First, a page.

My boys share a room. And, on Saturday morning, like clockwork, they are trained to tiptoe down to our basement, turn on the TV and be quiet until the rest of us normal people wake up. This past Saturday, they woke up, watched some TV and then when I went down to check on them around the more glorious hour of eight A.M. they were all smiles. I asked them to come upstairs and eat breakfast.
My eight year old made a waffle for his five year old little brother. He washed fresh blueberries and made a cute design on his plate, and added a piece of pepperoni on each side. He had created a little breakfast piece of art. Afterwards, he got himself dressed, and read books to my five year old in the living room.
I snapped a picture, because what mother doesn’t take a picture of those precious moments when siblings are being nice to each other?
My oldest, who is eleven years old, apparently woke up at 7am, and stayed in her room until 9 A.M finishing a Percy Jackson book she had just started. She came out all smiles with bed head and made herself some toast.
Sounds dreamy doesn’t it? I literally didn’t lift a finger all morning. My kids entertained themselves and each other, fed themselves and stayed quiet until about 10 A.M. I’ve been tempted to call this spot right now the sweet spot. It kind of is.
BUT, after that blissful moment of my middle child reading to my youngest? A fight broke out like it was world war III up in here, and the aftermath were pillows and books strewn all over the place, and two kids crying. Yes, I had those morning hours of bliss and “it doesn’t get any better than this” thoughts while I slowly puttered around the house, but I wouldn’t exactly call this stage easy, either.
My five year old is wild and rambunctious and fights me on bedtime every. single. night. He’s also adorable. But, he’s also infuriating. We struggle getting him to eat, he is so strong willed I think he’ll send me to an early grave. He also does not possess an inside voice. He left me for Kindergarten this year. It’s only a half day, but it’s leaving me feeling heartbroken and a little lonely for my side kick.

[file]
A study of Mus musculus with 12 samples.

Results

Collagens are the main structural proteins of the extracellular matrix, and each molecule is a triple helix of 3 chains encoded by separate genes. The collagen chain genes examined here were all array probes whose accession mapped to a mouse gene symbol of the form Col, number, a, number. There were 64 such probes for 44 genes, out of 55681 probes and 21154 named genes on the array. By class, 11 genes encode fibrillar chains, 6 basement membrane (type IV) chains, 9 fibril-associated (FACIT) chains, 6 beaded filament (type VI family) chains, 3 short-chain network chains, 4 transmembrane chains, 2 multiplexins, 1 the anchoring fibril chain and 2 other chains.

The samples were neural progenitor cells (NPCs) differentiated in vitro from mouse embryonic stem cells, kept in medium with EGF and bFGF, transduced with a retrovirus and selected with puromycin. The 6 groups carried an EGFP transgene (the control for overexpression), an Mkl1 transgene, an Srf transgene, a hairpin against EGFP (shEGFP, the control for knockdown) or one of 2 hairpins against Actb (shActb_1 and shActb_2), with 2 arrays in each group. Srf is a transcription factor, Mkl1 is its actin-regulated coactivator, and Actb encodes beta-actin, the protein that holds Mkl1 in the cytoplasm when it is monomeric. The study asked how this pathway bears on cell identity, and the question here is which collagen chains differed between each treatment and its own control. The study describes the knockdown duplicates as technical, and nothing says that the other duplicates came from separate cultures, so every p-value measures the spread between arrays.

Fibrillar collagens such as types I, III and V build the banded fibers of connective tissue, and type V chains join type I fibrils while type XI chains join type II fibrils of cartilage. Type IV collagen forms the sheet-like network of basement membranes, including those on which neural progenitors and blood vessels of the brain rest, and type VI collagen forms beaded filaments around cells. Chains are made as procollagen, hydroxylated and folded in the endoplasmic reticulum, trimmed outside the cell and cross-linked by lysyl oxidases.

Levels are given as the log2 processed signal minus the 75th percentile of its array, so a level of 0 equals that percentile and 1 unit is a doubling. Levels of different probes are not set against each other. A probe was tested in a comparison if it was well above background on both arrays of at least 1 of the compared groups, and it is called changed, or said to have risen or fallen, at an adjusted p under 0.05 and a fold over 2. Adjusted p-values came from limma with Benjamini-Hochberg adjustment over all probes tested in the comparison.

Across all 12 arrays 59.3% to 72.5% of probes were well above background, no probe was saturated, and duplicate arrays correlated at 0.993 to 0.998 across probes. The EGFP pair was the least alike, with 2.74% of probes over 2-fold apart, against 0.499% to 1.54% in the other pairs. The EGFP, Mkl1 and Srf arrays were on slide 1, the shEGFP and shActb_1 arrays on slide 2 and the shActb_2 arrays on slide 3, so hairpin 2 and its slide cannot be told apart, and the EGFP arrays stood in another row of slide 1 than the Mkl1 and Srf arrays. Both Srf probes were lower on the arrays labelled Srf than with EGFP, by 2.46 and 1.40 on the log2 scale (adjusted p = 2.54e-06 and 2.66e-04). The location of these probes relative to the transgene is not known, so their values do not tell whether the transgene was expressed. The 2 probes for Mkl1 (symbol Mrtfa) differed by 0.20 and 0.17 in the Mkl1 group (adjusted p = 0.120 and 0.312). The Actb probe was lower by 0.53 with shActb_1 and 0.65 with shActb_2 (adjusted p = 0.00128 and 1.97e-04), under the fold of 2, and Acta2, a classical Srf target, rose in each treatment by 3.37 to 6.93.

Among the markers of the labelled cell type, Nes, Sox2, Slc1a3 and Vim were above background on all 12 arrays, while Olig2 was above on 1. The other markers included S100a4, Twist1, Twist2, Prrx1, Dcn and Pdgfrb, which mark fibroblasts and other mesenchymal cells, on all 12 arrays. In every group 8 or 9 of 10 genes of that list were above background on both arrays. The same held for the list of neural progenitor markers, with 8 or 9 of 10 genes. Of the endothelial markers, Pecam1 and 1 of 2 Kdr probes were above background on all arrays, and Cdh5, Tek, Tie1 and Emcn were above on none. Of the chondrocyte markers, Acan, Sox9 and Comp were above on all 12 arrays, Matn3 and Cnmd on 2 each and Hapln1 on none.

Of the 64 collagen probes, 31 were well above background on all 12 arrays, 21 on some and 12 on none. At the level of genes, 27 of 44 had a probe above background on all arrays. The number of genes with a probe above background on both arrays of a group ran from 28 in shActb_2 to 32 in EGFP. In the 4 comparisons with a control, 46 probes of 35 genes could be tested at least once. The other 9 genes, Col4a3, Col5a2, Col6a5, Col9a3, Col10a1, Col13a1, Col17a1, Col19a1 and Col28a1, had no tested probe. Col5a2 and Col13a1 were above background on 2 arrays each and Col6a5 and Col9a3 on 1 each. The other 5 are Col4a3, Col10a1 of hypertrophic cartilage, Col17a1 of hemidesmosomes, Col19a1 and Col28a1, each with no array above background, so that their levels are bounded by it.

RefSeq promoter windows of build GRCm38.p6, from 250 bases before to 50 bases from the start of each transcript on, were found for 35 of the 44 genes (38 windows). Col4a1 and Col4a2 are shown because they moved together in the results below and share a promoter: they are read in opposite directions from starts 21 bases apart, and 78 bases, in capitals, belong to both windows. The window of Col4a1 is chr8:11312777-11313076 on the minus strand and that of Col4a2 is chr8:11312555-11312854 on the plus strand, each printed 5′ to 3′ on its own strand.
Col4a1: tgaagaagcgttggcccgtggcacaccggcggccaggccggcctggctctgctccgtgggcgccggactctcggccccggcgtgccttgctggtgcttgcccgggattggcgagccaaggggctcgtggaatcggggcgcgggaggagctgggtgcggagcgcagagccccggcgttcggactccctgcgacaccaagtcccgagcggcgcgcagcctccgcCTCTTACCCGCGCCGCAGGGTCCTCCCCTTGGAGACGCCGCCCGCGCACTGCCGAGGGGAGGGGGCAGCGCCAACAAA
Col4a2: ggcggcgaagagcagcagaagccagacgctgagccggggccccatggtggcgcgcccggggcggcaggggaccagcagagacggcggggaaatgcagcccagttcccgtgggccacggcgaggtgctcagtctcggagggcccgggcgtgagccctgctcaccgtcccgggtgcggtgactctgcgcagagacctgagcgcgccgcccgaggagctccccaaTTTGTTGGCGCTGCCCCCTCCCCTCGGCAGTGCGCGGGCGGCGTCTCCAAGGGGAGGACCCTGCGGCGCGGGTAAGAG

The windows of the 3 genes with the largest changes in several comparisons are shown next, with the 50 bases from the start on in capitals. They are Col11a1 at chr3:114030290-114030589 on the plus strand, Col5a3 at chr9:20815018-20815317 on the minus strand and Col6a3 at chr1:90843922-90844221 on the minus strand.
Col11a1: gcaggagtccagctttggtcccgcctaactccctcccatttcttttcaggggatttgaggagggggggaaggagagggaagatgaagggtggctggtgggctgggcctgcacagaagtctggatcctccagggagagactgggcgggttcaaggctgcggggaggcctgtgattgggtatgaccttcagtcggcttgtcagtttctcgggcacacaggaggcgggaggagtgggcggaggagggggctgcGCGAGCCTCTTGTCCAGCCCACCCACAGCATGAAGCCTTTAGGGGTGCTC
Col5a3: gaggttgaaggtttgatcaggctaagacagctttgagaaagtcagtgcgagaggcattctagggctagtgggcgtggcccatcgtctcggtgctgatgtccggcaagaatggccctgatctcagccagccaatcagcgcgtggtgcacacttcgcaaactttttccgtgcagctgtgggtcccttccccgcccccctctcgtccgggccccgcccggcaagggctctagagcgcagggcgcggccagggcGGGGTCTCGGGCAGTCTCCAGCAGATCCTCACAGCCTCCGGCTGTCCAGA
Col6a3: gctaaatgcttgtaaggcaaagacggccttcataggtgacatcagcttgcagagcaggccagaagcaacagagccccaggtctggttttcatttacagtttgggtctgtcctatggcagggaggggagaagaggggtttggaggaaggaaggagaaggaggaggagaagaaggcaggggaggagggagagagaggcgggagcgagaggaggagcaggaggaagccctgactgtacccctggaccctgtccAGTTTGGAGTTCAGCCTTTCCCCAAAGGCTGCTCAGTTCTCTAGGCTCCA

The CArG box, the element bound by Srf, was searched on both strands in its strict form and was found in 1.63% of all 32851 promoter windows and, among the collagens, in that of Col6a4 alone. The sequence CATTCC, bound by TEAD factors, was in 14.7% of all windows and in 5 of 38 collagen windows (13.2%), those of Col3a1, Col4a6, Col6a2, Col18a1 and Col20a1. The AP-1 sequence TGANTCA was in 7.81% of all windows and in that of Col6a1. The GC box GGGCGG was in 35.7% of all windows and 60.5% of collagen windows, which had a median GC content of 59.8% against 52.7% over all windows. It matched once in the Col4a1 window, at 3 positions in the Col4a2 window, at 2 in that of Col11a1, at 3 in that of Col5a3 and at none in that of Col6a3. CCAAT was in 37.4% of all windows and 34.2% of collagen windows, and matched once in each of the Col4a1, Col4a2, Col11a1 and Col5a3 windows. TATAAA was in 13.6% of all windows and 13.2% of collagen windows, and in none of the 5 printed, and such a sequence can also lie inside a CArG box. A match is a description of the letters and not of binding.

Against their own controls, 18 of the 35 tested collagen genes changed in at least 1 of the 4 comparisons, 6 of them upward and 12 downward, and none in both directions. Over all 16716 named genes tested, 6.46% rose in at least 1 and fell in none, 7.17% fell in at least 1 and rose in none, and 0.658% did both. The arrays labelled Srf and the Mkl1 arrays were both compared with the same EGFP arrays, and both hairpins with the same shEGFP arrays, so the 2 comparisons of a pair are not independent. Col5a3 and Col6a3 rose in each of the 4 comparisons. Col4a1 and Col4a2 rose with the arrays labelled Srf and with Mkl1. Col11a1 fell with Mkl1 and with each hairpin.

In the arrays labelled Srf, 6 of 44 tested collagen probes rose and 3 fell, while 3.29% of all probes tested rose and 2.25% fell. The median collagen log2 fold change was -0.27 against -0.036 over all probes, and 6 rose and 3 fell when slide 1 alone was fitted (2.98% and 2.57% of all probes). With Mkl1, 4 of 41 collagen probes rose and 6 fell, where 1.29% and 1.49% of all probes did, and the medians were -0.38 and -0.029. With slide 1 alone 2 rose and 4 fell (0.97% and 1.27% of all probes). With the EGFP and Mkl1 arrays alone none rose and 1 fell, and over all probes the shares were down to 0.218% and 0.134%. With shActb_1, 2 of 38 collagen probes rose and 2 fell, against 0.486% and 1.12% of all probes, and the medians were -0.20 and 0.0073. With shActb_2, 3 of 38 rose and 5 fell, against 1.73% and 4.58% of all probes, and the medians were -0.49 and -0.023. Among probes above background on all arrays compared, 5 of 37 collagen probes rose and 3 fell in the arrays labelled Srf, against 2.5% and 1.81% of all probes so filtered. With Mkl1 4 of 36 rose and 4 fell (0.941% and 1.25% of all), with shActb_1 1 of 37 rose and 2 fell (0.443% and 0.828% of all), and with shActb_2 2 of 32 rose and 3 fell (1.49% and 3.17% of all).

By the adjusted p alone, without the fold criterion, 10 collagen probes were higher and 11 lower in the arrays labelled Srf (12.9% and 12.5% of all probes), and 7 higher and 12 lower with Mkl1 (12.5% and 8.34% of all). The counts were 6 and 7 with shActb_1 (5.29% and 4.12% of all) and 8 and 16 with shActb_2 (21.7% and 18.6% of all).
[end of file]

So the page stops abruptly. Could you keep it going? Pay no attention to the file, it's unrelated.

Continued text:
My eight year old is at a great stage right now. He’s pretty easy going and he is pretty self-sufficient. He’s also pretty drama free, until he’s not. He gets migraines, we struggled with school refusal last year, and he gets legit hangry to the point where I almost don’t recognize him as he rages over something simple like a worksheet of homework when all he needs is to consume a giant pizza at 3pm.
My oldest is entering the tween years. Oh boy. I love how she’s so grown up, and made us this for dinner the other night all by herself. But, her moods make me question my sanity, and the amount of hot water she uses when she showers is obscene. She’s teetering constantly between big kid coolness and little kid whininess. And, sometimes I’m still her favorite to snuggle with, and sometimes I think she hates me.
Sure, I’m in a sweet spot. But, I’m also in a really hard stage of parenting.
To an outsider looking in, my life might look like diaper free bliss, and no butt wiping central. But, to me, it looks like challenges I need to call my sister and cry about, and longing for chubby baby arms – but not wanting anymore babies.
Is this stage easier than the others? No. Is it just as hard as the threenager years or the terrible twos? Absolutely.
No, it’s not the same, but every stage is the hardest when you’re in it. Because parenting is not easy. I don’t care if you’ve been a parent 5 minutes, or for 50 years, I guarantee you struggle with something that wracks your soul, and tears your heart apart.
I was recently talking to a soon to be empty nester mom friend of mine, and she told me that her stage is really hard for her right now. She’s feeling lost, but also feeling really torn about letting her big kids make adult decisions. She struggles with knowing when to bite her tongue and when to let them suffer their own consequences.
I can’t even imagine. I feel for her, and while I envy the freedom she might have now that kids are out of the house, I have no doubt that her stage of parenting is the hardest.
But, so is mine.
We tend to hear often, “Oh my gosh the twos were the worst!” while another parent laments, “Threes were SO much harder!” Parents of babies often argue with parents of teenagers over who has it the hardest. “But no sleep!” the infant moms might chant while the older moms roll their eyes and say, “I don’t sleep either.”
I haven’t experienced every stage of parenting yet. But, I know this much – I don’t expect it to get easier. This parenting adventure is sacred, dirty, and tear-inducing no matter what stage you’re in.
So, let’s just agree that – Yes. Your stage of parenting is the hardest. And so is mine.
So…fist bump, my friend. Let’s hope we all survive.